Chinese Democracy: Anatomy of a Stiff


In a discussion Tuesday, a Best Buy executive declined to offer sales figures, though industry whisper numbers peg the release at around 250,000.  That falls far short of a smashing first week by AC/DC, a band that shifted 784,000 first-week units through exclusive partner Wal-Mart.

The difference is glaring, and a number of factors played into the delta.  Best Buy positioned sales towers and end caps as promised, though the push was less than over-the-top.  Best Buy is a big, warehouse-style retailer, and this release was easily missed by those skipping towards iPods, printers, laptops, and flat-screen TVs.

Just one picture speaks volumes.  In a snapshot recently shared by Peter Kafka of the Wall Street Journal, a Best Buy stand-alone bin for Chinese Democracy battled for attention against a larger Sopranos display, and both seemed swallowed by the broader avalanche of consumer electronics toys.

But according to one on-the-ground executive, the real story is less about an under-delivering Best Buy, an more about an over-delivering Wal-Mart.  “Wal-Mart went all out to promote Black Ice, it was just impossible to miss,” the executive told Digital Music News.  Instead of just a CD-focused display with good positioning, Wal-Mart created a veritable AC/DC island, complete with related items spanning games and merchandise.

The economic backdrop also played into the picture.  Best Buy is now battling a weaker stream of consumers, thanks to a more selective appetite for higher-priced consumer electronics items.  Just last month, the company issued a stark warning, and spooked investors with reports of a “rapid, seismic” drop in consumer traffic.  Wal-Mart, on the other hand, is benefiting enormously from a cost-cutting consumer.

Outside of the exclusives, an apples-and-oranges comparison problem emerges.  Guns N’ Roses means something very different from AC/DC, though both bands are undeniably huge.  But the hard-riffing and relatively tame off-stage opera of AC/DC seems more accessible, importantly across multiple demographics.  In terms of time and place, Guns N’ Roses is largely a late-80s phenomenon with strong ties to hair metal; AC/DC offers a more timeless, bread-and-butter appeal.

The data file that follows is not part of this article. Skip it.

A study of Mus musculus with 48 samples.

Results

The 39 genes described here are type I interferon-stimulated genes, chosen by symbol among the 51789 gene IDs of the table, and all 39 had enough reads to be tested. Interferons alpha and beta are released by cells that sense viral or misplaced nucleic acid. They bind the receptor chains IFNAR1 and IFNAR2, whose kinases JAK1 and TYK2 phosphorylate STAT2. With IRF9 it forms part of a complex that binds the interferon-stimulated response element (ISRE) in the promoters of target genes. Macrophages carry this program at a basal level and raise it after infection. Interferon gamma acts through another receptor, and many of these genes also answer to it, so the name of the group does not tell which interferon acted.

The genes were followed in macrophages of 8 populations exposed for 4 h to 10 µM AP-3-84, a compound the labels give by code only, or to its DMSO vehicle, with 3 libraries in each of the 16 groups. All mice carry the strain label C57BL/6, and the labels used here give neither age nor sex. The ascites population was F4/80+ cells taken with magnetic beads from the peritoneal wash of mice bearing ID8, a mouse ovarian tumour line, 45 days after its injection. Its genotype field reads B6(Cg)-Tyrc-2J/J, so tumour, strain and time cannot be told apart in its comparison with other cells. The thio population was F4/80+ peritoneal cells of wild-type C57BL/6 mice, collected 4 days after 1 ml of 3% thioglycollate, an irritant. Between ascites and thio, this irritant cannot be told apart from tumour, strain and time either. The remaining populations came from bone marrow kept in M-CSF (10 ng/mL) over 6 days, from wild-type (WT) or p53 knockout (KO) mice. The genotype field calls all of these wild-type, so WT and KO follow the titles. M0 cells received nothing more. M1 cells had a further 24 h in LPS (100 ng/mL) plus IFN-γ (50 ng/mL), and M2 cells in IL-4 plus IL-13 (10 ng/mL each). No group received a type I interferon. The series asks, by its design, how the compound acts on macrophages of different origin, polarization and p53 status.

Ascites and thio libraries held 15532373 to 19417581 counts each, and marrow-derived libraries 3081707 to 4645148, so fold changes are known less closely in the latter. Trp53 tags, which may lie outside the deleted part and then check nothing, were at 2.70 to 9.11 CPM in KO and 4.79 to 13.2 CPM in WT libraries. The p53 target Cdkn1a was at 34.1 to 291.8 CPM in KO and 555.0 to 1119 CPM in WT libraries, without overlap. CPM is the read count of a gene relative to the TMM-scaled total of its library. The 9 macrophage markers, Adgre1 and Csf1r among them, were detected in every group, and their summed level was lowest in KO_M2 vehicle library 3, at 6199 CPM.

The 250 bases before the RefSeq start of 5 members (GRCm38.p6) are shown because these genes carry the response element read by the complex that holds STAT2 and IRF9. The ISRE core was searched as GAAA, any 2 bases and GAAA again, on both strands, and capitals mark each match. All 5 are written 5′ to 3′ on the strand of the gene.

Still, Guns N’ Roses, now effectively Axl Rose, carries a massive fan base and an unmistakable imprint.  And ahead of the album release on November 23rd, promotional outlets were pulsing with energy.  As part of a new, exclusive data partnership with BigChampagne, Digital Music News was able to traverse a number of critical data points related to the Guns N’ Roses release.  BigChampagne aggregates a portfolio of online and offline data sources related to songs, albums, and artists through its BCDash.

That includes terrestrial radio, a critical outlet for a band like GnR.  During the most recent week, title track “Chinese Democracy” placed third across Rock Mainstream stations in the United States, according to Mediabase (397 spins; up from 391 spins during the previous week).  That is solid, though ironically, the track was trumped by AC/DC’s “Rock n Roll Train,” which easily topped the category with nearly 600 plays.

Online, download numbers also appeared solid.  On the iTunes Store, “Chinese Democracy” has been hovering in the top 50, based on an hour-by-hour analysis, after peaking at number 11 on November 12th and 13th.  The track is also top-ranked on Napster.

On MySpace Music, the action remains strong.  The album was blasted on MySpace Music shortly before release, and on-demand streams are now nearing 11.4 million.

But MySpace offered an incredibly heavy push on the album, part of a broader blast for the freshly-launched MySpace Music.  On the totally-pull P2P, the story is quite different.  Currently, “Chinese Democracy” ranks far behind a list of predominantly urban and pop tracks, including those from T.I., Rihanna, Kanye West, and Leona Lewis.  And demand for older tracks, including “Welcome to the Jungle” and “Sweet Child O’ Mine,” remains unmistakably strong.